SBA announces economic injury disaster loans now available to agricultural businesses


Last updated 5/7/2020 at 2:23pm

WASHINGTON – Jovita Carranza, administrator of the U.S. Small Business Administration, announced Monday, May 4, that agricultural businesses are now eligible for SBA’s Economic Injury Disaster Loan and EIDL Advance programs.

SBA’s EIDL portal reopened May 4 as a result of funding authorized by Congress through the Paycheck Protection Program and Healthcare Enhancement Act. The legislation, signed into law by President Donald Trump one week ago, provided additional funding for farmers and ranchers and certain other agricultural businesses affected by the coronavirus pandemic.

“For more than 30 years, SBA has been prohibited by law from providing disaster assistance to agricultural businesses; however, as a result of the unprecedented legislation enacted by President Trump, American farmers, ranchers and other agricultural businesses will now have access to emergency working capital,” Carranza said. “These low-interest, long-term loans will help keep agricultural businesses viable while bringing stability to the nation’s vitally important food supply chains.”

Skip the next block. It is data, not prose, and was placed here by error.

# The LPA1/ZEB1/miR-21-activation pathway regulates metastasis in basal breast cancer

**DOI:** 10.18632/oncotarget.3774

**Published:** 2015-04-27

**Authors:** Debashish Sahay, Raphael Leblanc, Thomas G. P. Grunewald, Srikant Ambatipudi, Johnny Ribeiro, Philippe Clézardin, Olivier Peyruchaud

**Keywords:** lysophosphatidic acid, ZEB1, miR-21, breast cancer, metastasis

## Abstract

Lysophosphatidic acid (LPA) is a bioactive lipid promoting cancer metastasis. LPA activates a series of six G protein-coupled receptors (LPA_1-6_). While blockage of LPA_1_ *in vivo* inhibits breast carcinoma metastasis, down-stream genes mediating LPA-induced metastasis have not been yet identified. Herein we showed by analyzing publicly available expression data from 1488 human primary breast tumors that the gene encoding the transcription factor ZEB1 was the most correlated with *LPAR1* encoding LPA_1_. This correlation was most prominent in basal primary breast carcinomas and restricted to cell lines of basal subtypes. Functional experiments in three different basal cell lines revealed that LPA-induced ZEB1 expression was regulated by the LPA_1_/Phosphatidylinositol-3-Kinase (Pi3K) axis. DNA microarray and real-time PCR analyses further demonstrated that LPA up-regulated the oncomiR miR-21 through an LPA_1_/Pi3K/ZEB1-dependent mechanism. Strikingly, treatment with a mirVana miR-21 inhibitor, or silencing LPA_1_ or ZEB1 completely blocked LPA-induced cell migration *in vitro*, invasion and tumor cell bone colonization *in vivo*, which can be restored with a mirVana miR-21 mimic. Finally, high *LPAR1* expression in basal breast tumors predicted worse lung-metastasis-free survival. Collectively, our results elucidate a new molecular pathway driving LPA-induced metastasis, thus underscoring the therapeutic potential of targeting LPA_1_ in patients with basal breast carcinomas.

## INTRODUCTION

Agricultural businesses include businesses engaged in the legal production of food and fiber, ranching and raising of livestock, aquaculture, and all other farming and agricultural-related industries as defined by section 18(b) of the Small Business Act. Eligible agricultural businesses must have 500 or fewer employees.

The SBA will begin accepting new EIDL applications on a limited basis only, in order to provide unprecedented relief to U.S. agricultural businesses.

For agricultural businesses that submitted an EIDL loan application through the streamlined application portal before the legislative change, SBA will move forward and process these applications without the need for reapplying.

All other EIDL loan applications that were submitted before the portal stopped accepting new applications April 15 will be processed on a first-in, first-out basis.

For more information, visit

Submitted by U.S. Small Business Administration.